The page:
Island off West Java. Photo by Rhett Butler
Indonesia’s middle and upper classes are becoming increasingly interested and supportive of environmental conservation. Still, they have some way to go to become real leaders and trendsetters on this important issue.
Economic development in many countries goes hand in hand with increased concern for the environment and animal welfare. A recent study in the Proceedings of the Academic Society of the USA found that people in upper-middle income countries are more supportive of environmental protection than lower income countries. They also make larger donations to domestic conservation. Because of its rapid economic growth, Indonesia is now close to joining this group.
Often the middle and upper classes are the main trend setters in changing how society views itself in relation to the natural world. These classes don’t need to worry all day about how they will feed themselves. They have the financial means and time to think a bit more about the impact of development on the environment. They can even afford to travel to areas where nature is protected, a luxury few poor have. Often they have enjoyed high quality education that includes at least some basic information about environmental issues. And they spend time abroad in Australia, the USA, and Europe where care for the environment and species welfare is a lot better than in Indonesia. Overall, plenty of opportunities to learn.
The expectation would thus be that Indonesia’s middle and upper classes are setting the trend for new thinking about the nation’s future environment. Some anecdotal observations in Jakarta suggest that there is indeed progress but that this group has some way to go before becoming environmental leaders.
My favorite up-market groceries shop, which sells many imported goods, looks like a suitable test case. Judging by the cars parked out in front, this is one place where the well-off in South Jakarta buy their groceries.
One interesting measure is the use of plastic bags. The shop has had a re-usable bags program for years. It’s simple. Rather than further clogging up rivers and canals with plastic, or getting them burned on the capital’s smoldering rubbish dumps, you bring your own shopping bags from home and keep re-using them.
From my own utterly unscientific observations I would estimate that about 20% of the shoppers use them, unfortunately most of them foreigners like myself. The majority still prefers the free plastic bags, so that’s not so good.
The same shop recently gave me a more positive example. For years, they had a regular supply of Australian and New Zealand venison. It’s excellent meat, which I like to buy, and turn into tremendously tasty stews. Some time ago, the supply dried up, and when I asked the shop’s manager what happened he explained that Indonesian customers had complained that these poor deer were protected and did not belong on the shop’ shelves.
This is partly true, and I think it is a positive sign that legal protection was raised as an issue. Indonesian deer, such as the Sambar in Kalimantan and Sumatra, the Javan Deer, and the Bawean Deer are indeed endangered and protected by national law (but irrespectively turned into sate daging rusa). But in Australia and New Zealand, deer are non-native and a significant pest in many places. So eat as much venison as you like and do the Ozzies and Kiwis a favor.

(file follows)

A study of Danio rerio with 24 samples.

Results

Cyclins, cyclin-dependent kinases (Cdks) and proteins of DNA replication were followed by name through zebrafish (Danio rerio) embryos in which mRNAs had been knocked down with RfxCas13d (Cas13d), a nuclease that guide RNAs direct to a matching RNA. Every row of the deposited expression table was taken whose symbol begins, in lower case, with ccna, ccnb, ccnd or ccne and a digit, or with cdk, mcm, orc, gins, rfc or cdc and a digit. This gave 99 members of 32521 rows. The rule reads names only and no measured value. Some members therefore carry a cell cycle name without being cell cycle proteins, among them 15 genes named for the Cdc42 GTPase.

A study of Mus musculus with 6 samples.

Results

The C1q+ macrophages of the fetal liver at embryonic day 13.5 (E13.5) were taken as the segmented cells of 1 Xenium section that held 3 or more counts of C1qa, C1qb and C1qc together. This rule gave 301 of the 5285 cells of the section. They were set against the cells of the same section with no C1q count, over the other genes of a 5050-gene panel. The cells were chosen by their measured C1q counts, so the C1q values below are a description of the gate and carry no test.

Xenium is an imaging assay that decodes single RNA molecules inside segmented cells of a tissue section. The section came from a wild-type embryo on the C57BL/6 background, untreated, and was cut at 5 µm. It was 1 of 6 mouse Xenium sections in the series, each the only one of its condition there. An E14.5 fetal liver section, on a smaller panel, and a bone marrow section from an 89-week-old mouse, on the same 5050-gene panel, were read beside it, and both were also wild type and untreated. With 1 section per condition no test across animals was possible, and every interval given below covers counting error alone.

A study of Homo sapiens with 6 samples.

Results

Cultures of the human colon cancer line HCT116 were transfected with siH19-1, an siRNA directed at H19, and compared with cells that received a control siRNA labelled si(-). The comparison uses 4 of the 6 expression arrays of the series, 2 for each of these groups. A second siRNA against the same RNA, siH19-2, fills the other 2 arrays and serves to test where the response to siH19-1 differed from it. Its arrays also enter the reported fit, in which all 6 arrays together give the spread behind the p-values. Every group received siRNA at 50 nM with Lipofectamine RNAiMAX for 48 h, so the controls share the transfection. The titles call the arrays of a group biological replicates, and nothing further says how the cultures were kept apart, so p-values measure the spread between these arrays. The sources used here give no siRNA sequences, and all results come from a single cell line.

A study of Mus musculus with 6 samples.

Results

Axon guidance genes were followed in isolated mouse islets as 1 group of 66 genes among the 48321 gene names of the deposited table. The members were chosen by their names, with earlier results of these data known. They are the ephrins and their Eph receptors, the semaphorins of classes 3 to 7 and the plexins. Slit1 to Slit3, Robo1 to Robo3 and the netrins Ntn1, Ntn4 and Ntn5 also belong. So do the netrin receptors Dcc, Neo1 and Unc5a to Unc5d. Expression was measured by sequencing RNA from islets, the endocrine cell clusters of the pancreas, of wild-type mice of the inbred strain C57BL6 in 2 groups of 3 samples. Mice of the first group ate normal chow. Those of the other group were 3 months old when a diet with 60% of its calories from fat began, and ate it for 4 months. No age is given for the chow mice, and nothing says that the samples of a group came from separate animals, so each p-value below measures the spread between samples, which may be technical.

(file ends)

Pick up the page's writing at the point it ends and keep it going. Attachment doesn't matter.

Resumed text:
Of course, these are just indications, but it seems to suggest that some further awareness-raising about species and the environment is warranted.
Talking about awareness, how is this issue addressed in the schools that Indonesia’s upper and middle class children attend? Are they teaching this new generation of leaders about environmental issues and install some new sense of responsibility?
Deforestation for palm oil production in Riau
My daughter’s school in Jakarta is attended by a lot of well-off Indonesian children. Quite a few kids appear to be fervent collectors of endangered and protected species. They own Fennec Foxes, which belong in the Sahara, look incredibly cute, but cannot be legally traded, or Slow Loris, a fully protected and highly endangered primate species in Indonesia. Others collect ivory, while one child bragged that his uncle’s tiger had died, but it was not a problem because he had the connections to get a new one.
These are just snap shots of upper society. It is a bit of a mixed bag I guess. Some people are concerned and knowledgeable about environmental issues, and others do not care all that much. It will be interesting to see how is going to change. Once countries reach the upper-middle income level, the number of people that favor protecting the environment over economic growth increases significantly.
Interestingly, what is lacking in these countries is a concomitant increase in government spending on the environment. So the government doesn’t give what the people demand. This is often because these countries are not particularly democratic and the government doesn’t really care what people think or want. But this is where Indonesia, as one of SE Asia’s strongest democracies could stand out.
Indonesia’s growing middle and upper classes have an important role to play in demanding new standards for environmental and species management in this country, and pushing for the required political support.
Let’s hope that indeed these people have the moral and intellectual sophistication to increasingly become real agents of change for better species conservation and environmental management.
Erik Meijaard is a Jakarta-based scientist coordinating the Borneo Futures initiative.
This op-ed originally appeared in the Jakarta Globe and has been reprinted here with the permission of the author.